Companies in Alberta will soon be able to receive new Internet protocol (IP) services and offerings from Bell Canada, as the telco on Wednesday announced the deployment of a fixed wireless broadband solution in the province.
The network, slated for completion in mid-2005, will span several thousand kilometres across the province, including the areas of Edmonton, Calgary and some of their suburbs, with more than 300 point-to-multipoint wireless links. “We may further develop along the corridor along Calgary and Edmonton, but those areas…are our primary focus,” said Edmonton-based Keith Ponton, general manger, engineering for Bell.
The ultimate goal is to be able to provide customers with IP-based technology services, he said. “It will certainly be a useful tool for us to economically deploy — and rapidly deploy — a broadband network to new customers within these metro areas. And it’s really an augmentation of our broadband and also supports our Bell Mobility network in the west by enabling more cost-effective connectivity for the wireless customers as well.”
With Telus Corp. as the western incumbent carrier, Bell has been making moves to strengthen its presence in that part of the country.
“Western Canada is certainly one of the most important, potential growth areas that (Bell) has, and they are very anxious to see some strong success in Western Canada,” noted Mark Quigley, research manager with Ottawa-based Yankee Group. “And these kinds of announcements I think point to that — that they are investing dollars and expanding their network footprints so that they can reach and offer Bell Canada service to a larger segment of the marketplace.”
However, Bell as not able to simply go in and start deployment in Alberta. Being the newer kid on the block means that Bell does not have the luxuries of an incumbent, so it turned to a solution from Ericsson Canada to help it deploy the new network. Specifically, the company is using Ericsson’s Mini-Link Broadband Access System (BAS) which, according to Dragan Nerandzic, vice-president of network systems at Ericsson Canada, demonstrates the ability for Ericsson to provide cost-efficient solutions in areas where fibre is not readily available.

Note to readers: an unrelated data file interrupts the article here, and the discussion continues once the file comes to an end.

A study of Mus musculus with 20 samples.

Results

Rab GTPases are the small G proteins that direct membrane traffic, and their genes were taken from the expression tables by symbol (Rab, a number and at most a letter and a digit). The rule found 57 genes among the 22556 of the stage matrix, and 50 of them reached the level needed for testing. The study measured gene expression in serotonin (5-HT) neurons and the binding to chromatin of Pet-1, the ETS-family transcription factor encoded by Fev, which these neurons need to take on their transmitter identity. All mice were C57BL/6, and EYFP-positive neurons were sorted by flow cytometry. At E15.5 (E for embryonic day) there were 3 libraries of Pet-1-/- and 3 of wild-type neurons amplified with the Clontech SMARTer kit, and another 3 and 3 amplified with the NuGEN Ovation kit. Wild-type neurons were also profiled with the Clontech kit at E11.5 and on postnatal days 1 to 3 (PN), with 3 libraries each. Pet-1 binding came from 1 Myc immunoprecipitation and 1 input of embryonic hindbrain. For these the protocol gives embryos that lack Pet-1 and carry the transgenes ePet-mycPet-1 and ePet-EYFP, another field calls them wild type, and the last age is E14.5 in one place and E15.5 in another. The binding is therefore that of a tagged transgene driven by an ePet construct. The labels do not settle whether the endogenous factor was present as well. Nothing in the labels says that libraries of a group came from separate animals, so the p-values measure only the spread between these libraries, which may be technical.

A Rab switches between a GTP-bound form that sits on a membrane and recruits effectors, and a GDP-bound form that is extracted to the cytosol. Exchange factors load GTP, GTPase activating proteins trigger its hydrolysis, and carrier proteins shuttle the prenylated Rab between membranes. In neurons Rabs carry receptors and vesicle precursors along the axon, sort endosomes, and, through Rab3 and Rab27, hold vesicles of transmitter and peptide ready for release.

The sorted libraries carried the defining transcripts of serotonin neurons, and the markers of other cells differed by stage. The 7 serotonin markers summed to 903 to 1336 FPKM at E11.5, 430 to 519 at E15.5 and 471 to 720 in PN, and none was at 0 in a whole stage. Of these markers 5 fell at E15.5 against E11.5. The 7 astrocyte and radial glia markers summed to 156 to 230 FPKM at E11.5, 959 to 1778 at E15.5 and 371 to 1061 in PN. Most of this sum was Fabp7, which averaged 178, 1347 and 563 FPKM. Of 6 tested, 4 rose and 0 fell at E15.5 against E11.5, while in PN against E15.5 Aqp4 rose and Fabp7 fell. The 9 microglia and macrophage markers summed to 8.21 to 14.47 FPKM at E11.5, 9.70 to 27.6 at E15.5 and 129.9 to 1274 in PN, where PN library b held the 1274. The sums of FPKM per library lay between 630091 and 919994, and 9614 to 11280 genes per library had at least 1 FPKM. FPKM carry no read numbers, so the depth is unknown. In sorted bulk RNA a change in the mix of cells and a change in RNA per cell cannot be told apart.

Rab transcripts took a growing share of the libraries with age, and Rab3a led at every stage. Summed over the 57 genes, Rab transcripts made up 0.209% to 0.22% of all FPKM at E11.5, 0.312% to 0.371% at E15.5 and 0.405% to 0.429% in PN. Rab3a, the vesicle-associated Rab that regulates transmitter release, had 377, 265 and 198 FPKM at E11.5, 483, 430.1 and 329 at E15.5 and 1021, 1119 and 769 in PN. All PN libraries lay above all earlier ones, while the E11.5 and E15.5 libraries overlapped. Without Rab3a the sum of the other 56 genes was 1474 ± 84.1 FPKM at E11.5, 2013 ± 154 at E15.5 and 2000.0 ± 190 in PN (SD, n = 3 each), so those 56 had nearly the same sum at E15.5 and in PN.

The Mini-Link BAS, which has been deployed in other parts of the world, essentially allows operators to deploy a limited number of hubs and establish a large footprint. And, according to Nerandzic, within that established footprint operators would be able to deploy customer premise equipment. Mini-Link BAS also allows for data rates in excess of 20Mbps on each individual customer’s premise equipment, at the same time providing allowances for additional T-1 traffic.
“It is based on technology that allows the establishment of a footprint…in a radius of 10 kilometres from the hub location, and essentially allows for a footprint of up to 300 square kilometres from one hub location. And the hub actually has up to four sectors, providing, I would say, 90 degree coverage to that area, in each of these sectors. The total capacity of the hub is 155Mbps, which means that in one sector it would have 37.5Mbps,” Nerandzic explained.
Given the area of coverage of the new network, Quigley said Bell will have good business opportunities with larger companies based in the major cities, such as oil companies’ headquarters. Bell does have a competitive advantage, Quigley noted, in that it is not a “fly-by-night, startup competitor, but in fact the largest telco in Canada.”
He added that Bell is extremely well-financed and has a very good reputation in the market in terms of its product and service set. In short: as a competitor in the market, he said, Bell is a leader.
“From a service provider choice perspective, there is going to be more to choose from for end users, which means you can probably look forward to a little intensification on the price side of the equation.”
Bell’s new services will be launched on the network following its completion in 2005.